Mint Marks on Silver Eagle dollars
Legal Tender Status of American Eagle Coins
What’s the scoop on the American Eagle Gold coins and 2008 Silver Eagle coins?
American Eagle Silver Coins and Gold Eagle coins are distributed through the United States mint. The US Mint produces the common coins that we handle in change every day, as well as collector and investor coins sold at premiums over their face value. American Eagle coins fall into this second category.
Covering their cost of production (and adding in a profit) the USMint promotes eagle bullion coins to dealers and coin collectors. The US mint sells them at a price set above the silver or gold that is in the coin, which is also well above the coin’s denomination (or face value).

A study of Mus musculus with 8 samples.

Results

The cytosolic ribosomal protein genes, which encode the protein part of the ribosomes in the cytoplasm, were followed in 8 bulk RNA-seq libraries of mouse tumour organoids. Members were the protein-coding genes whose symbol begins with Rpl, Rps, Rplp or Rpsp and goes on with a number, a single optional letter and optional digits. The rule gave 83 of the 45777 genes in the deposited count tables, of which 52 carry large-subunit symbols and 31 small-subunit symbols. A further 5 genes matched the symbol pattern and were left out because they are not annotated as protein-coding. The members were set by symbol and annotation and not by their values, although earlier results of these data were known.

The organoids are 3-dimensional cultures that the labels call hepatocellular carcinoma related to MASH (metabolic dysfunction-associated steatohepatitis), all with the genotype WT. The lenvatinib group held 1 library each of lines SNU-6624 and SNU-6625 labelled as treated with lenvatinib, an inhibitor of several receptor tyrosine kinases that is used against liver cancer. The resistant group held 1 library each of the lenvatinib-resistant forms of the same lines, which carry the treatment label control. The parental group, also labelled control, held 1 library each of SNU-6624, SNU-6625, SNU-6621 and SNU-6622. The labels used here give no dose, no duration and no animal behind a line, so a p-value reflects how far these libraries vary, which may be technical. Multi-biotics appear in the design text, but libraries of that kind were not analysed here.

For example, 2008 American Silver Eagle dollars contain 1 troy ounce of silver. Each coin has a $1 face value and this is inscribed on the coin’s reverse. The mint offers silver eagle dollars for sale in quantity uncirculated bullion rolls (or tubes), and also individually as proof and mint uncirculated coins.
At the time of this writing silver eagle 2008 $1 coin prices range from about $20 per coin to twice that, depending on which type of silver eagle you purchase.
All American silver eagle dollars and gold eagle coins have a face value denomination on the coin’s reverse. Platinum Eagle coins are the same.
Since they don’t circulate and weren’t issued through banks, are silver eagle coins “legal tender” for all debts public and private, like paper money?
According to research done by Numismatic News*, even though the face value is well below the market price of US eagle coins, these coins are ‘legal tender’ for all debts public and private. The legal tender value is the amount printed on the coin (not the metallic value).American Eagle coins are legal tender
In today’s market a person would be considered foolish to spend a silver eagle dollar for its $1.00 face value, although you could technically do so. However, why spend a silver eagle dollar for $1.00 when you could sell it for many times that for the silver that it contains?